What Do Lifters Mean When They Say “Bend the Bar” In the Bench Press?

Two popular and useful bench press cues that can be performed incorrectly at times.

There are a ton of different cues lifters use for the bench press and one of the most popular you hear is “bend the bar,” or perhaps more usefully, “separate the bar”, but what exactly do they mean? 

For a true beginner, or barbell rookie for that matter, the cues “bend the bar” and “separate the bar” can be a little confusing, and are actually performed incorrectly at times. After all, you can’t physically, actually bend the bar. So is it a cue that stems from achieving a particular body position, is it a movement pattern, or is it something else?

In this article, we’re going to dive into why coaches and lifters like to say “bend the bar” and “separate the bar”, their benefits, and when they can actually be problematic.

What Does “Bend the Bar” Mean? 

“Bend the bar” could best be described as a cue to facilitate a consistent body positioning with the lats and the scapula. When you’re set for the bench press you need to maintain a tightly packed back to ensure a stable position and platform to press upon, and “bend the bar” is an excellent way for lifters to visualize contracting the lats, retracting and depressing the scapula, and getting set. 

If you’re having trouble visualizing this or understanding, then try this, 

  1. Stand up straight and hold a broom stick or any stick in front of you with extended arms. 
  2. Take a belly breath similar to how you would in the bench press.
  3. Try to pull apart the stick using as much force as possible while keeping the arms extended.
  4. Keep the wrists straight throughout the whole bending/separating process.

It’s important to note that while you’ll usually hear “bend the bar,” it might be better to think of it as pulling the bar apart — you’re not bending the wrists in any way. 

A personal cue I like to use is “spread the knurling”. I’ll tell lifters to pretend they’re pulling the knurling wider only using the back musculature without moving the wrists at all. The arms are “pulling” the bar apart sideways, as opposed to the wrists bending the bar downward.

What’s going to happen naturally is that you’re more than likely going to engage the lats and back musculature to produce force to bend the bar. It’s important to keep the wrists in a fixed position throughout this process and to avoid using them to physically bend the bar; the bending action should be a product of the back musculature contracting. This concept that you just practiced while standing up can then be carried over to your bench press.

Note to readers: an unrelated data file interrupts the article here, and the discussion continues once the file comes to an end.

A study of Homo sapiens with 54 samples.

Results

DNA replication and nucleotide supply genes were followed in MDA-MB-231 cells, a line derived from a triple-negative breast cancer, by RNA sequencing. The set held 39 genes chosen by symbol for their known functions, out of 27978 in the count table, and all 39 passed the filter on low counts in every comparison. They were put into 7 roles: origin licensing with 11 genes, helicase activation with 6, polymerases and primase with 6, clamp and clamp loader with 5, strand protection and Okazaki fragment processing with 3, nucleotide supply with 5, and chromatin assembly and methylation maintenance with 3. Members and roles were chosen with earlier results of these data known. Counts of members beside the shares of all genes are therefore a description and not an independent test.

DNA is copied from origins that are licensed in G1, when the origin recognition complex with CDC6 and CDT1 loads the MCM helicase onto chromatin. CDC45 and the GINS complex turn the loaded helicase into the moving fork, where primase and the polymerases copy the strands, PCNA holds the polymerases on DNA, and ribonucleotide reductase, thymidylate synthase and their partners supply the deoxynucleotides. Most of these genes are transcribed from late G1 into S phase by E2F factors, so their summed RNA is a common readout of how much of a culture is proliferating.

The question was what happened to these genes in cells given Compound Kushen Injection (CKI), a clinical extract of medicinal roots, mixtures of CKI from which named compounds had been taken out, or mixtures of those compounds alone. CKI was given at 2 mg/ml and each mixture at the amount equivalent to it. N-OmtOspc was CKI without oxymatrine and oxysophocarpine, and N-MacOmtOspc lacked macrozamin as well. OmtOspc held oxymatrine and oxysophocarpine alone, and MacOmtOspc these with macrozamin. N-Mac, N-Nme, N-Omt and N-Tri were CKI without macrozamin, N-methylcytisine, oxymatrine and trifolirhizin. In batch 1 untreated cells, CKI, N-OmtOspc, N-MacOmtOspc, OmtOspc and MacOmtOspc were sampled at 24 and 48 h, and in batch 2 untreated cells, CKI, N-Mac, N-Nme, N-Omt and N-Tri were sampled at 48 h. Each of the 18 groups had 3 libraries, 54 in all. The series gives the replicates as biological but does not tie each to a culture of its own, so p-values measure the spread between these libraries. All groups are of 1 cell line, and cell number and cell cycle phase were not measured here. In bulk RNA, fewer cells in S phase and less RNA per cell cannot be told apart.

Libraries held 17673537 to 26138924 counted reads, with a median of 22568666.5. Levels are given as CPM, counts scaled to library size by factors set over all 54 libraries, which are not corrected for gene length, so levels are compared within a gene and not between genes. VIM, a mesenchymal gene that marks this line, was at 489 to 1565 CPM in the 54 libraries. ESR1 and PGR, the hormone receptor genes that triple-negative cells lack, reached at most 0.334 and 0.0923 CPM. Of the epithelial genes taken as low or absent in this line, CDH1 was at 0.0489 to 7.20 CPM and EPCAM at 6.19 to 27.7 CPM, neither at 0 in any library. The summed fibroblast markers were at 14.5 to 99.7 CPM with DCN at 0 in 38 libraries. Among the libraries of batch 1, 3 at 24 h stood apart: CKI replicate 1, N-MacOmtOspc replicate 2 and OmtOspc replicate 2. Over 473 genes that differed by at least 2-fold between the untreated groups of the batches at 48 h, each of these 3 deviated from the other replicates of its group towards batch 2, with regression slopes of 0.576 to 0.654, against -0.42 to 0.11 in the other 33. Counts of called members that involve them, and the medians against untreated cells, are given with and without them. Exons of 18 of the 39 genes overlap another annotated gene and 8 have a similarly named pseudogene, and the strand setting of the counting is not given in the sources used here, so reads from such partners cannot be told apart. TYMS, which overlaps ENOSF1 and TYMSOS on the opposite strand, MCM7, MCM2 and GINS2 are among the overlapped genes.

Think about how you set for the bench press: your upper back will be tight, the lats engaged, and scapula will be packed. The cue “bend the bar” or “separate the bar,” when done directly, forces you into this position without having to spend a ton of thought on each of those performance characteristics. 

The Benefits of Bending the Bar

We’ve briefly touched on all of the benefits that come along with these cues above, but it’s worth pointing them out directly and how they pertain to performance. If you don’t use these cues now in your pressing and want to try them, then having a solid understanding of their benefits and the why can be useful before doing so. 

  • Positional Help: When actively trying to bend the bar, you force the lats and upper back to contract, which can improve your positioning throughout the press
  • Force Production: The lats and posterior deltoids (among smaller muscles on the back) serve as antagonistic muscles for the bench press, so contracting them when “bending the bar” allows better transfer of force between the eccentric and concentric portions of the press.
  • Hands-On: Not every athlete naturally picks up on visual and audio cues, so having the ability to physically feel a cue can be an incredibly useful teaching tool. 

When These Cues Can Be Problematic

While these cues can be helpful for positioning in the bench press, they can also be problematic, especially for newer lifters who lack body awareness.

Strength coach Brendan Tietz brings up a solid counter-argument against these cues in his video below. His argument stems from the thought that most lifters don’t actually sequence their positioning right when using these cues, and end up bending the wrists instead of contracting the lats correctly. Check it out below. 

If you find that you consistently bend your wrists when considering the cues “bend the bar” or “separate the bar”, then I’d highly recommend checking out the video above for nuggets of knowledge that may resonate better for you.

Wrapping Up 

Like every lifting cue, you should experiment with them strategically and employ new tactics in a controlled fashion. Every lifting cue can be used for benefit, but it’s also helpful to remain objective about them at times. What works for others, may not work for you!